Going out for Christmas dinner at uni makes you weak

Squad cooking is a ritual

It’s an all too familiar scenario of the penultimate week of Christmas term. Buble is on and you and the girls are flitting round your living room putting up the Poundland decor, sharing the odd mince pie and spreading all round festive cheer.

You sit back and take a look around the room. You notice the glow in people’s eyes, the frost on the windows and the sudden unstoppable love in your heart, and you think yeah, maybe this really is the most wonderful time of year after all.

Soul warmed and vibes at an all time high, you make an off the cuff comment about the Christmas dinner that’s inevitably going to follow these wonderous festive preparations. Something so small and seemingly inconsequential, like what combination of vegetables are we going for this year? How would we all feel about making our own gravy for a change? Gabby babe did you say your Mum had that Ocado voucher we could use?

It started so well

To most people, that would be the start of one of the most important, and enjoyable, discussions of the academic year. So why are two of your housemates now shiftily looking round the room as if they’d suddenly be anywhere else but here? All eyes are on them as the rest of the group wait for them to muster up the expected enthusiasm. After what feels like a painful few minutes, Gabby announces that no, her Mum probably doesn’t have that Ocado voucher anymore, and maybe we should all go to Weatherspoon’s for Christmas Dinner instead.

Weatherspoons. For Christmas Dinner.

You don’t get beer hats at the pub

The mulled wine that was so sweet and soothing ten minutes ago is now rising to the back of your throat like toxic bile, ready to be emitted over Gabby and her outrageous suggestions any second. She tries to reason that going out is just less hassle: no slaving away in the kitchen, no washing up, no arguments about who ate the last of the pigs in blankets.

You feel your blood pressure begin to rise as you notice the rest of your friends actually listening carefully to what she’s saying, starting to take note of her suggestions, maybe even nodding slightly. Good, wholesome, people, being indoctrinated with the ludicrous idea that going out for a painfully mediocre meal in a painfully mediocre chain pub is ever going to come close to the squad Christmas cook up.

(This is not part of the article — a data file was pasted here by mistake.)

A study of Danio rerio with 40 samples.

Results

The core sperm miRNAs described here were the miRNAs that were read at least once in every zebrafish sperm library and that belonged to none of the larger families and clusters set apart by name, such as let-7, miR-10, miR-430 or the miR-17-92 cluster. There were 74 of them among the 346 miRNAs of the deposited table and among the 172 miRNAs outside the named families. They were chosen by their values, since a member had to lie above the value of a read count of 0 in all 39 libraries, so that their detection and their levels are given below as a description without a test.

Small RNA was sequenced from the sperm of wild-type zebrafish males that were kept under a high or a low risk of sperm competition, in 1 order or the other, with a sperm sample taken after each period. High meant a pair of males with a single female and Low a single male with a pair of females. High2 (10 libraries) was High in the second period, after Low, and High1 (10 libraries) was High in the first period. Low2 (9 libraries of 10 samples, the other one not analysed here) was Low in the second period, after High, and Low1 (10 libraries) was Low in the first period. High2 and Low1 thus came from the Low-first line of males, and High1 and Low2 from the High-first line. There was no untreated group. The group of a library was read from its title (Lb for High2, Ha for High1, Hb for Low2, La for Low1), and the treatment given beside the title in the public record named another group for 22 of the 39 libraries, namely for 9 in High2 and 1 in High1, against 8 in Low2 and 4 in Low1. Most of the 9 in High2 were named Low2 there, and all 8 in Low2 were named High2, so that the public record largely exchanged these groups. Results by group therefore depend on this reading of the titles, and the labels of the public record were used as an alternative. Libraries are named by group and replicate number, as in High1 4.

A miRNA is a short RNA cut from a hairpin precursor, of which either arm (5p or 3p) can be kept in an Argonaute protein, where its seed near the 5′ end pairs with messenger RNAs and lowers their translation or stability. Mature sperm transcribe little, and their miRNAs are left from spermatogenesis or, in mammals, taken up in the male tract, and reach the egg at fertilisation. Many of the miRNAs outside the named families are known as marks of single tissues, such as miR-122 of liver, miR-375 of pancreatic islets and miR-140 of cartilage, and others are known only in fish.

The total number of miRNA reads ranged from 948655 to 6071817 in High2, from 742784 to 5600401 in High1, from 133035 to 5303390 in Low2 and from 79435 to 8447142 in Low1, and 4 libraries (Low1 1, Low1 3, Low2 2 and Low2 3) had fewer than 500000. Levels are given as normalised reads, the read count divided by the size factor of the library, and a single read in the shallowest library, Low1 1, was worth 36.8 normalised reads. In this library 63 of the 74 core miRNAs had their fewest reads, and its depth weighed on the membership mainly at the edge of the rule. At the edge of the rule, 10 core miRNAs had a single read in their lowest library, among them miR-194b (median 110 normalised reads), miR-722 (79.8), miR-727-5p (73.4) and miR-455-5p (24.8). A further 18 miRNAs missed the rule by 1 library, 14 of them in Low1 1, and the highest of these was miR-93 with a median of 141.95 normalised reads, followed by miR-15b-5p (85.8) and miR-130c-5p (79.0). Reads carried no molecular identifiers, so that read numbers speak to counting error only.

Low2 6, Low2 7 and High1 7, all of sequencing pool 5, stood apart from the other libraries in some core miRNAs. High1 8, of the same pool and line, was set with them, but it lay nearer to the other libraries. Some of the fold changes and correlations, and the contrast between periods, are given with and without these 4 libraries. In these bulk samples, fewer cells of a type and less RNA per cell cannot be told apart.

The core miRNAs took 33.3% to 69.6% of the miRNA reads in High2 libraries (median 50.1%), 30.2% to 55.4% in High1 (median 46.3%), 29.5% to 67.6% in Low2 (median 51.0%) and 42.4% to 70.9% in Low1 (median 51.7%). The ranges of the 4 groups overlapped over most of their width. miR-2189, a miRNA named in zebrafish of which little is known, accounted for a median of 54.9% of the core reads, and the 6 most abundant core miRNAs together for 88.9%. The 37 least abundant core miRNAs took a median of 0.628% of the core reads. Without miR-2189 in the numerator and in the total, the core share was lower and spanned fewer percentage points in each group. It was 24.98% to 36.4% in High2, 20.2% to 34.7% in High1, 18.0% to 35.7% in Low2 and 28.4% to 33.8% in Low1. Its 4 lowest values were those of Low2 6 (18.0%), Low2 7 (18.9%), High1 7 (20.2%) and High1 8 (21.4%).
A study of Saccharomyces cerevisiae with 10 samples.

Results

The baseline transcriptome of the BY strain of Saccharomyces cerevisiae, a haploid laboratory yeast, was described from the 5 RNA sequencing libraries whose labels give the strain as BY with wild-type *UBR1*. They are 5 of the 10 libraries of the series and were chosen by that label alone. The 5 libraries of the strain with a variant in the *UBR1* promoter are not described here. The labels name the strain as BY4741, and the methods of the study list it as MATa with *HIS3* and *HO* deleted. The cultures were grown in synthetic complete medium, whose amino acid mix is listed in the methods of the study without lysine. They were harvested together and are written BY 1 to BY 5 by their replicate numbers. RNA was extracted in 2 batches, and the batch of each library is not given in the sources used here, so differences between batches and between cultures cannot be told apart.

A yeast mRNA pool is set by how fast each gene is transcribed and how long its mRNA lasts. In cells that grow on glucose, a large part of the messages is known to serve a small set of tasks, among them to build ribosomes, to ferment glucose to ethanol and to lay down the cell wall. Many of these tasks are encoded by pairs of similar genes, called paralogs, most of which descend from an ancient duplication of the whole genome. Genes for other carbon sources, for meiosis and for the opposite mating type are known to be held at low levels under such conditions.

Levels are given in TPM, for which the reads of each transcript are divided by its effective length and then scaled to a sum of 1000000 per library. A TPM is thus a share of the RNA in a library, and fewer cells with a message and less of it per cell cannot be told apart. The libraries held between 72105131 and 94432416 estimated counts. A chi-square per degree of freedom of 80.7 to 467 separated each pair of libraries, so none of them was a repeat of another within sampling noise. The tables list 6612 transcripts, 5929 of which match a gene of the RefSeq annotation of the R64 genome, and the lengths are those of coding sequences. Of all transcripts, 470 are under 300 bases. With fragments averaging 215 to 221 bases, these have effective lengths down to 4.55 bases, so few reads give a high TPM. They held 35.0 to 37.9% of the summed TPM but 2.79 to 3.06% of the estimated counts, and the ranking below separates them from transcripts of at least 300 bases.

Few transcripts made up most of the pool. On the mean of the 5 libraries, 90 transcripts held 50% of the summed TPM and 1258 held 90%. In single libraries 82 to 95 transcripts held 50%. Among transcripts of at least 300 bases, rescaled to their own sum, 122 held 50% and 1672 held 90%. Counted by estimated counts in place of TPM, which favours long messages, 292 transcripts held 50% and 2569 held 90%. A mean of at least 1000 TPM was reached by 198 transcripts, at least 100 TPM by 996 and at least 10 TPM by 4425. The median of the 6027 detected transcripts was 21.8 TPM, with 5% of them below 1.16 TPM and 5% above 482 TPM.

Clearly she hasn’t lived

What Gabby doesn’t realise is it’s not about the banal tasks that accompany the house dinner. Sure, peeling and chopping 2kg of carrots has the potential to be a bit of a ball ache, and being on broccoli boiling duty as appose to turkey basting is always going to be a bit bum out. And yeah, you’ll give it to her, there’s going to be a shit load to wash up too, and probably some gravy on the carpet at some point.

It stands for love

But the squad cook up is an undeniably sacred ritual, one that stands for love, respect and commitment. What’s a few hours perfecting an online shop or peeling some potatoes, when you get so much more in return? Aside from the obvious fact that food quality wise, chain pubs are obviously where Christmas dinners go to die, by going out you miss out on so much more than just succulent meat or well glazed parsnips.

There’ll be no bopping around to Buble in your cosy Christmas socks as you work through the vat of mulled wine on the stove. It’ll be a couple of bottles of cheap shitty Zinfadel in plastic wine glasses, because God forbid, you won’t be able to afford Prosecco if you go out either.

There’s going to be no smell of turkey infusing every room in the house and drunken, jovial games of charades as it cooks, instead you’ll be surrounded by soul-less plastic Christmas trees, screaming kids and underpaid staff who think Christmas is the devils spawn. Forget gorging on the leftovers and watching Love Actually together the next day too, the fun is over as soon as you finish the one, solitary plate of food you were served.

You don’t get this at Spoons

The house Christmas dinner represents more than just turkey and trimmings, and the Tesco value mince pies that follow. It symbolises unity and strength, friendships that have the potential to last a life time. By slaving over that turkey in your pokey little kitchen with your temperamental oven and broken extractor fan, you’re entering into an unspoken acceptance between your mates that as a group, you are all worth more than rubbery meat, overly stewed veg and an even blander, more underwhelming atmosphere.